Pacific Flyer Aviation News
Vol. 3, No 9
September 1979

Lance Winslow, 14, is manager of Speedy Waxers, a custom aircraft cleaning service at Camarillo and Oxnard Airports.  Winslow started the firm a year ago, and now employs two teams of six youngsters (including four girls) to wash, wax and degrease airplanes at the two airports.

Speedy Waxers has 43 regular customers whose planes are cleaned each week.  Included are several business-owned cabin class twins.  For six dollars a week aircraft owners can have a spic and span aircraft for their weekend flying.  The firm services include washing, mirror glazing the windshields removing grease and bugs, greasing flap tracks, cleaning oleo struts and shining the prop spinner.

Lance and his friends get to the airports on their bicycles and work from an equipment box which they tow behind their bicycles.  Lance says that he plans to purchase a portable generator to allow use of this power buffer on the flight line, a steam cleaner, which he will rent out to help pay for, and either a one man industrial flatbed truck or a gas powered golf cart to enable him to tow aircraft to the wash rack.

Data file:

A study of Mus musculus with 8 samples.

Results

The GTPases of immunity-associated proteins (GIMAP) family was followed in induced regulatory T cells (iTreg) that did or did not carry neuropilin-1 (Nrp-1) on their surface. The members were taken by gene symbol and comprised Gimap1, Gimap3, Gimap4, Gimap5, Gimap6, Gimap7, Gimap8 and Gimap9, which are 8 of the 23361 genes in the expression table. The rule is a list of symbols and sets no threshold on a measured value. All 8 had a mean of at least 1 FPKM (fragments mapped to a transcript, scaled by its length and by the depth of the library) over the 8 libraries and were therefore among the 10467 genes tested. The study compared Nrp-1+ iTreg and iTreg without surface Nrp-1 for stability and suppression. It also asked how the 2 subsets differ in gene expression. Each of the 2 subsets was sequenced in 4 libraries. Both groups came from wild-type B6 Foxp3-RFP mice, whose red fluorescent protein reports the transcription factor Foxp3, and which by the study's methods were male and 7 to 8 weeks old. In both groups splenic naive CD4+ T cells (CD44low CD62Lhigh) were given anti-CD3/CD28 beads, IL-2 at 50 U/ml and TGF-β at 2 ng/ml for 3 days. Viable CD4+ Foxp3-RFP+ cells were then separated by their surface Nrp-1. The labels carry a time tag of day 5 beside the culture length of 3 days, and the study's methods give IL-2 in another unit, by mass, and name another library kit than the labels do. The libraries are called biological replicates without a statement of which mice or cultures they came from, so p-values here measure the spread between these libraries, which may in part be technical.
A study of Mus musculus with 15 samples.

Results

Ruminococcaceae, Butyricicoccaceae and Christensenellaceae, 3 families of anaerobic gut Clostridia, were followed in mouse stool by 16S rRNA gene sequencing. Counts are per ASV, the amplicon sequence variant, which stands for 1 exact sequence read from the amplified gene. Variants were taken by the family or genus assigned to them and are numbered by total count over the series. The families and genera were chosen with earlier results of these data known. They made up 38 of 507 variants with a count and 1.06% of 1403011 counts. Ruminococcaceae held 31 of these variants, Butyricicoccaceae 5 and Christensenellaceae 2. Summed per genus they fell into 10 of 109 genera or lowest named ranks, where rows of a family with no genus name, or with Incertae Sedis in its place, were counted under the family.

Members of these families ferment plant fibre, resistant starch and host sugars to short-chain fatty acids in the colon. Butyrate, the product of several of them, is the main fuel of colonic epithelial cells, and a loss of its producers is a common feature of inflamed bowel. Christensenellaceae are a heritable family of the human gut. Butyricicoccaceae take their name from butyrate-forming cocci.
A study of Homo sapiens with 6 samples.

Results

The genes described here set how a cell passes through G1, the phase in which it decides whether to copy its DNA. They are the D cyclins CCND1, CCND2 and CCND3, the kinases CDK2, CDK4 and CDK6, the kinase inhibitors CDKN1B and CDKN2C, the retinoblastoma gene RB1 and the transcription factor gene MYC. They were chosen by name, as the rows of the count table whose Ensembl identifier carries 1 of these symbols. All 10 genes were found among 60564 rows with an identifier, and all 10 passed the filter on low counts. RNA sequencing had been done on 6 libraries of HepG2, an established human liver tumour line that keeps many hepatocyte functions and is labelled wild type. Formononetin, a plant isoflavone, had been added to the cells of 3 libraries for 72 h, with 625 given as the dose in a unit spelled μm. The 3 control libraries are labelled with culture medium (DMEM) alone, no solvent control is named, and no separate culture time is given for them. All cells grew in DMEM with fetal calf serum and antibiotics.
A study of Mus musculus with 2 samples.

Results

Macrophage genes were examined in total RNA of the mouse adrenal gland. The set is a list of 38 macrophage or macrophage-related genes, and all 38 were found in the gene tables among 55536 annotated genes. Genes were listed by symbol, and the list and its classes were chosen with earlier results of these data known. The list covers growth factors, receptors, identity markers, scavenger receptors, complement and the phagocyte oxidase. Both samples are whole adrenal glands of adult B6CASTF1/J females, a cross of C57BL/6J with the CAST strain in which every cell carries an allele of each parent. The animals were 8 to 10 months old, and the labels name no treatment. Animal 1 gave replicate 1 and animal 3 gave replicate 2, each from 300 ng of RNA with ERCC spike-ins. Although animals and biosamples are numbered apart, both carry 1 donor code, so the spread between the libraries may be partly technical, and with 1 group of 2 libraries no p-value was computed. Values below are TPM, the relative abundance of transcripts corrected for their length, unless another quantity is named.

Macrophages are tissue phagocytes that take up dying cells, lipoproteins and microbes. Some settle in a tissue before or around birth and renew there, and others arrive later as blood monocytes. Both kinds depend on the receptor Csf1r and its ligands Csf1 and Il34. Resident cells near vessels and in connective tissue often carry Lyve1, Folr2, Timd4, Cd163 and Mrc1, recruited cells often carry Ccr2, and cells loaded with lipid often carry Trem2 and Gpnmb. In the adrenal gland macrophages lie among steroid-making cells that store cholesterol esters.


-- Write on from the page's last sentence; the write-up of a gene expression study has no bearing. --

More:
Lance, a Civil Air Patrol cadet, has about 40 hours of flying time in his parents' Piper Colt, but can't solo because of his age.  He would like to solo a glider, but glider operations are too far from his home.  He plans to solo on his 16th birthday, and then acquire as many pilot certificates as he can manage.

College is on Lance's schedule, with an airline flying job to follow if he has sufficient flying time by the time he graduates.  If he doesn't, he'll join the Navy to fly for a few years, and then try for the airlines.  His father is a Continental Airlines pilot who also flies in the Navy Reserve.

If for some reason this all doesn't work out just the way he plans, he will start his own business and then buy his own Lear Jet, he says.

The young entrepreneur isn't all business, though.  The Monte Vista Intermediate School student is a cross-country runner who is undefeated in two years of competition.

Reprinted from Pacific Flyer Aviation News, September 1979.